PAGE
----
Charges: Murder x 1.
Proceeding type: Sentencing.
Facts: The offender and deceased married in Iran. The offender started a fire in his wife’s bedroom in the family home. She died in the fire. Their relationship prior to the fire had ‘deteriorated’ . Davies J accepted that the offender became aware of the deceased’s intention to leave him. This was confirmed by the offender’s visit to the Department of Human services the day before the fire where he made a claim for a benefit, on the basis that he was separated. His Honour also accepted beyond reasonable doubt that the offender was responsible for the fire in the presence of their two young children.
Issues: Davies J determined the appropriate sentence for the offender.
Decision and reasoning: The offender was sentenced to imprisonment for a period of 36 years with a non-parole period of 27 years. His Honour remarked that ‘[t]he murder of any person is intolerable and unacceptable, but the circumstances of this murder can only be described as confronting, shocking and gruesome to a marked degree’ (). The murder was aggravated by the fact that it was carried out in the presence of their two young children, in circumstances where the offender actively prevented one of their children from trying to save his mother, and at the deceased’s home where she was entitled to feel safe. It also involved gratuitous cruelty and planning and preparation (albeit minimal, ). However, his level of culpability was not so extreme so as to attract a life sentence. Whilst specific and general deterrence are important factors in sentencing for murder in a domestic setting (see Hiron v R  NSWCCA 336), specific deterrence was not significant because of the offender’s low risk of reoffending. This was consolidated by the fact that the offender had no prior criminal record, the offence was committed against a person known to the offender (rather than the public at large) and his older age. His Honour concluded at  –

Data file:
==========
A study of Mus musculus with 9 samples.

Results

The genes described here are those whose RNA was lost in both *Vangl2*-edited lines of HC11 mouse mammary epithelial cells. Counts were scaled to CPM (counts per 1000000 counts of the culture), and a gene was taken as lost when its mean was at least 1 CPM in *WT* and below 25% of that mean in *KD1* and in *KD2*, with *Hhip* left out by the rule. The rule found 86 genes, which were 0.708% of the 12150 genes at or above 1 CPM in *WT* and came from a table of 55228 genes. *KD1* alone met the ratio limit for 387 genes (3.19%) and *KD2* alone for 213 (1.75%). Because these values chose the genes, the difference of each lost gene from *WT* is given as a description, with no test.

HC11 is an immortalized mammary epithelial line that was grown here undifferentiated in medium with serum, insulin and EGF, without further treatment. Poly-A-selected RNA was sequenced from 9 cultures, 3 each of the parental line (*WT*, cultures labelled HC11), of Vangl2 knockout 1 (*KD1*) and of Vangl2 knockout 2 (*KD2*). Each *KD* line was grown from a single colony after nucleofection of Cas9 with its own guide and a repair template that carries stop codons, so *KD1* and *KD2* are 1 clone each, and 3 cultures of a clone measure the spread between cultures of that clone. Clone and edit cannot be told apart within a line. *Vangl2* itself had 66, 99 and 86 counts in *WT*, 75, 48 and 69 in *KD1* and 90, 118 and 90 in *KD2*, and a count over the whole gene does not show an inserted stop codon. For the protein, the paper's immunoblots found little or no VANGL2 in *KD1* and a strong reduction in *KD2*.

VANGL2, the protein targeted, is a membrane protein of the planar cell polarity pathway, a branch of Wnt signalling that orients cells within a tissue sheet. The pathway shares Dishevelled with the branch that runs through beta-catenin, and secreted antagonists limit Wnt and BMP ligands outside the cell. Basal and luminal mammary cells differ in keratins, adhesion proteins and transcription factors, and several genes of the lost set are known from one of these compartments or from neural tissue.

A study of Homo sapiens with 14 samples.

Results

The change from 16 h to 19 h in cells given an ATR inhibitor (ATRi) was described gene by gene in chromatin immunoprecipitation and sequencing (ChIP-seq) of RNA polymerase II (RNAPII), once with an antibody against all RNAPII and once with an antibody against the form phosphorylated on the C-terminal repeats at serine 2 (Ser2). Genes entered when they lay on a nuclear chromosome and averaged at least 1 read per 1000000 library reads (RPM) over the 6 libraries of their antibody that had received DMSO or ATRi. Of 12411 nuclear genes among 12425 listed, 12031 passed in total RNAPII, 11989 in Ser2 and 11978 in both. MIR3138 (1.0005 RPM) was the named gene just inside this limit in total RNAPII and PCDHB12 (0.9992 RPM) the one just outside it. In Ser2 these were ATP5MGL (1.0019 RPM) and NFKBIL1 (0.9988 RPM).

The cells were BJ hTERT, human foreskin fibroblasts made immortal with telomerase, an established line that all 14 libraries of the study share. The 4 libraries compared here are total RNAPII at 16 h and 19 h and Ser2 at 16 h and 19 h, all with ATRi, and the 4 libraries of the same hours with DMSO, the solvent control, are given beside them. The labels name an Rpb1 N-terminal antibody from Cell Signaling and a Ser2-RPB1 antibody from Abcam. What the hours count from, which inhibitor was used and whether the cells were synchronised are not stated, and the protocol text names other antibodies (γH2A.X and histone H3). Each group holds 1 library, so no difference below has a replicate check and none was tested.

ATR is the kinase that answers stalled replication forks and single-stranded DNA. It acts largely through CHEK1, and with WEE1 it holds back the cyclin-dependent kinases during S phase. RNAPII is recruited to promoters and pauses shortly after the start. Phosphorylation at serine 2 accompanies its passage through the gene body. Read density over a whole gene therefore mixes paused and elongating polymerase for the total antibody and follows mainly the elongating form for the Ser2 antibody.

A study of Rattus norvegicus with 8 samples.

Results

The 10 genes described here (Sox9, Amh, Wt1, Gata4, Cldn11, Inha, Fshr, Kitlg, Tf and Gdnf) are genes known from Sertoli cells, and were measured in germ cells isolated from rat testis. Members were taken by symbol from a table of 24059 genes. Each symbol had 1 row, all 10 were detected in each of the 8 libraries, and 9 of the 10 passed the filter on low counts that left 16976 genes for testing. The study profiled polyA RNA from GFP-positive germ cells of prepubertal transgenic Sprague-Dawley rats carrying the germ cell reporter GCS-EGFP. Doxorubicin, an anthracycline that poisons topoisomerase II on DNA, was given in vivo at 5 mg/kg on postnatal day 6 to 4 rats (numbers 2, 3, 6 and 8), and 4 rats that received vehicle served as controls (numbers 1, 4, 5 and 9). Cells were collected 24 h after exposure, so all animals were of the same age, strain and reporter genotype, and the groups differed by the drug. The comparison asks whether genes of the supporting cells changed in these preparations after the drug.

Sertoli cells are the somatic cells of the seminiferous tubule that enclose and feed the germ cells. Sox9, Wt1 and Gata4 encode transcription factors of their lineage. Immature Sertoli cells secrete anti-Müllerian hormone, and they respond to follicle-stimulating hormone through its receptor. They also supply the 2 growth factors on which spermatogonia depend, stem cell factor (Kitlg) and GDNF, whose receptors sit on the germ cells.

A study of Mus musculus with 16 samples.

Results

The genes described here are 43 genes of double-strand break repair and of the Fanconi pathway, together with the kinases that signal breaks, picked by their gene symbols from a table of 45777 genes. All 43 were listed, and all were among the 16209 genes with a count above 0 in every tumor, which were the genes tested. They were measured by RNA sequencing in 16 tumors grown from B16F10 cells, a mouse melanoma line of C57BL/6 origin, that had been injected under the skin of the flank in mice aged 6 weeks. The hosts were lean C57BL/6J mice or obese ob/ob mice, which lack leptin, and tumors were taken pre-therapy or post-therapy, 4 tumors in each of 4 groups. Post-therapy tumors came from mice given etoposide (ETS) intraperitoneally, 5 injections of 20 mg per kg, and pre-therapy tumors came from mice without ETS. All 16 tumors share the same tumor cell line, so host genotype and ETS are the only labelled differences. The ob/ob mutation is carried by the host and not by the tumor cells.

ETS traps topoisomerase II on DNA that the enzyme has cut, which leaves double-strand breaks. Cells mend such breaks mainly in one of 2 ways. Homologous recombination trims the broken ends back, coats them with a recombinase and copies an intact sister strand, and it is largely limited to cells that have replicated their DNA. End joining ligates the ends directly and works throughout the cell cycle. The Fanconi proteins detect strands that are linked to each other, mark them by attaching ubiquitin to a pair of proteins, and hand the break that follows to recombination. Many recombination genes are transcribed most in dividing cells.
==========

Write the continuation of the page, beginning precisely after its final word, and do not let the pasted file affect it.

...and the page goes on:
‘This was a very bad murder, but the limited planning, the absence of the need to give significant weight to community protection, and the fact that a lengthy sentence will meet the need for specific deterrence, mean that the community interest in retribution, punishment, community protection and deterrence can be met by other than the imposition of life sentence.’
Although his Honour noted that the offender had no prior convictions, he was not able to mitigate the enormity of the crime against the deceased (). Further, his Honour found it difficult to see how the offender could be fully rehabilitated without acknowledging the shocking act against his wife and the impact that it continued to have on their children and the deceased’s family. Accordingly, his prospects of rehabilitation were only average.